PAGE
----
Viewing a T3 Steam Locomotive

Viewing a T3 Steam Locomotive

By Roger Heid


During summer of 1954, my uncle took me on a road trip through the Black Forest. In a little town, the name of which I can unfortunately not remember, I asked we stop at the railroad station. There we saw a short passenger train, very similar to the one shown in the picture below.


My uncle went to the Station Restaurant to have whatever; I approached this steam locomotive. In the meantime, I had lost my apprehension to get too close to them. In fact, I had become quite nosy about trains and such. I had learned quite a bit about steam engines.

Well, there she was. I had seen a number of different locomotives before, but never anything like this one. She was kind of small, I thought, almost puny looking, but also sort of cute. To me, she almost looked like a toy on steroids. But that’s just me.


So, I gave her a good looking over. The name plate on the side of the cab read 89 and some other number. There was something about her that struck me and made me pensive. I noticed there was no coal box on the back of this engine. So I concluded that the water was kept in one of the side boxes. But no dice! Both boxes contained coal. Duh!?!

I stood there, engulfed in total wonderment, when some man pushed me a little.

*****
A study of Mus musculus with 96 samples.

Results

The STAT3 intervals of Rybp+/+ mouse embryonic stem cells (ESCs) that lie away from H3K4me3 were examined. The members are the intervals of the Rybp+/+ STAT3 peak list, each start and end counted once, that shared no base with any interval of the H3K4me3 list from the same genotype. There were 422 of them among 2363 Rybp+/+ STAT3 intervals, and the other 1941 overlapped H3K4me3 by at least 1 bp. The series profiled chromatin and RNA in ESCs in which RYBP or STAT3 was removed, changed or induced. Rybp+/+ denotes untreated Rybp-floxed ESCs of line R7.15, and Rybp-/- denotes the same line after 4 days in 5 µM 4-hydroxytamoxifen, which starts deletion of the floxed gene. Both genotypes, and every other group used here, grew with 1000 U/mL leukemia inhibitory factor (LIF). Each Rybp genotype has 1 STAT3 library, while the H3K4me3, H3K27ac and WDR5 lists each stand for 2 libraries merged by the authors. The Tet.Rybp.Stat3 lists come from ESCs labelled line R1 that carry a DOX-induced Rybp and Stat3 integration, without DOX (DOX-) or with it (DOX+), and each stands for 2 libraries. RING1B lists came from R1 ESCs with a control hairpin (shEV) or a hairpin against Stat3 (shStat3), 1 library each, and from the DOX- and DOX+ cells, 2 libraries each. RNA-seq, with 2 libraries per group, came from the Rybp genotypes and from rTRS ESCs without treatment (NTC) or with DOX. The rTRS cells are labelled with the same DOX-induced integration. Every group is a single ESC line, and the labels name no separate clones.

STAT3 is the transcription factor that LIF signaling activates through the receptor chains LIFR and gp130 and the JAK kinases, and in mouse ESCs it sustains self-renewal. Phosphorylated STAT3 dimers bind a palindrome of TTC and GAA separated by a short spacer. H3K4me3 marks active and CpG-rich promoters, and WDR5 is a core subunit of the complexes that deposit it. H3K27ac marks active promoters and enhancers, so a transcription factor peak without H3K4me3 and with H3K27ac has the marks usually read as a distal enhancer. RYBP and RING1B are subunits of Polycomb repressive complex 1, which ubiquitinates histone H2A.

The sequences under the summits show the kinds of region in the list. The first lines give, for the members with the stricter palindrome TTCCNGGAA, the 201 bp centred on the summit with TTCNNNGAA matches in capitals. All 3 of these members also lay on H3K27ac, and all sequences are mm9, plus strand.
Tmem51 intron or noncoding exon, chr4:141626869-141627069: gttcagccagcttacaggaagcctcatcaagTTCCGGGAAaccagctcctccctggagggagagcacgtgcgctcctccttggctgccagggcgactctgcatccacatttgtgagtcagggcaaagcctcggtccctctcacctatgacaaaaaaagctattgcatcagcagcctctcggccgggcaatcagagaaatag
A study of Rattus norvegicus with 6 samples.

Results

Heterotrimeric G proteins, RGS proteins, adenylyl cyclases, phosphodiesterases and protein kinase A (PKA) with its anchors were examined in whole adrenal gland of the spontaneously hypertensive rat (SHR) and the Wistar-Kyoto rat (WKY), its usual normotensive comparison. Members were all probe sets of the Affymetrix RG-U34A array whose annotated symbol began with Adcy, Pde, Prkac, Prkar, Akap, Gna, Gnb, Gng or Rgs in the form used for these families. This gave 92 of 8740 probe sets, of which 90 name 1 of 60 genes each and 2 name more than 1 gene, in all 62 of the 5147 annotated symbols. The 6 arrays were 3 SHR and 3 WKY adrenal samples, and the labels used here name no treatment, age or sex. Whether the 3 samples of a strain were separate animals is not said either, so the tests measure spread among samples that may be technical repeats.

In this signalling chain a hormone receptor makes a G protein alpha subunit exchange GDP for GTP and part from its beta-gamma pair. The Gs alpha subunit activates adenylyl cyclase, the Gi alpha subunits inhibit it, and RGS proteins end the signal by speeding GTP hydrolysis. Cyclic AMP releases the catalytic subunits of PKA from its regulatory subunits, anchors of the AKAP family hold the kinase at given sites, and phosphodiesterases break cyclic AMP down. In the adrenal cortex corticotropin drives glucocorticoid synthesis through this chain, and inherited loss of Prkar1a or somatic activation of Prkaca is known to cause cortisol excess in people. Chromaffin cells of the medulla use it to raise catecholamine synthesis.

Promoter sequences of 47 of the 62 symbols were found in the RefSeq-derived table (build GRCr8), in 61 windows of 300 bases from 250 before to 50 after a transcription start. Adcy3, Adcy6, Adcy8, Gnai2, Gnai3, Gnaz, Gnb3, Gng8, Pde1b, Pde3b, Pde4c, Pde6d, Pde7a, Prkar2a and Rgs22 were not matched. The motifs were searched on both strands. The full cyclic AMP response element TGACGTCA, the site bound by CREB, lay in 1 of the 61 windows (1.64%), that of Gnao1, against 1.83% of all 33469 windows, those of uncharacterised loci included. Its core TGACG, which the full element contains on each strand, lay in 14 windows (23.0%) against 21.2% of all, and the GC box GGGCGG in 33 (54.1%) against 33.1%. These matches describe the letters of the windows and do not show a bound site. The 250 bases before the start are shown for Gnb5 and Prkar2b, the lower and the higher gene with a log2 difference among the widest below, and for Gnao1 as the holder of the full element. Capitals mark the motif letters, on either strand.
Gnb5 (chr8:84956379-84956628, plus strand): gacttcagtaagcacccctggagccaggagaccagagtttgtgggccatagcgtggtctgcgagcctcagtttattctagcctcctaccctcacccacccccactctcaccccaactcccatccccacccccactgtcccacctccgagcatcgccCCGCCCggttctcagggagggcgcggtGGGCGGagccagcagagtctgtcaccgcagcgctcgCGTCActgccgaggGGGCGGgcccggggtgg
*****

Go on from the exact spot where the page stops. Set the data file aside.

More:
“Step aside, kid, I need to do a lube job. I see you are mighty curious about this here engine. I bet you have never seen one like it. Do you have any questions?”

“Uh, yeah, where do you store the water? I don’t see a water tank.”

“Well, son, it’s like this. This engine only runs when it rains. We catch the rainwater with a funnel. When the rain quits, the trip is over, you see.”

It took me a few moments to realize that I had my leg pulled, something fierce. When this man finally quit laughing, he pointed out that the tank was located underneath the boiler. Why didn’t he say so, in the first place? No, he had to make fun of me, that silly gander.

Moments later, the train took off and I went to join my uncle in the restaurant. We immediately continued on our road trip. A few miles further up the road which started to run next the railroad tracks, we passed this train. The little locomotive was huffing and puffing, steaming and smoking, seemingly laboring to pull her train up this gentle grade.


“Isn’t that engine kinda small for this train?’ my uncle remarked. “Well, it seems to be able to do the job.”

He stepped on the gas pedal of his Mercedes, leaving the train in the dust.


This type locomotive was first introduced in 1882 as the Prussian T-3. Over time, more than 1,300 of them were built. She certainly was not the fastest horse in the stable. Ordinarily, the top speed was around 27mph.

After WWII, the DB wound up with 70 of these cute critters. By then, they had become known as the BR 89 – ####. The last one was retired in 1968 which gives this loco a total service life of a whopping 86 years.

If you model Era I, this loco is a must have, but she is also at home in Eras II and III. On my layout, I operate three of them. Sometimes, I run them in tandem. It is fun to watch all three, slowly pulling a relatively long train consisting of very small Era I freight cars. The engine in front has a factory installed sound decoder.

Currently, Maerklin has this model in their catalogue. It is found on the Reynaulds web site. Trix offers it in 2-rail DC. Check it out.

I like this model very much. It is well executed, and it runs great.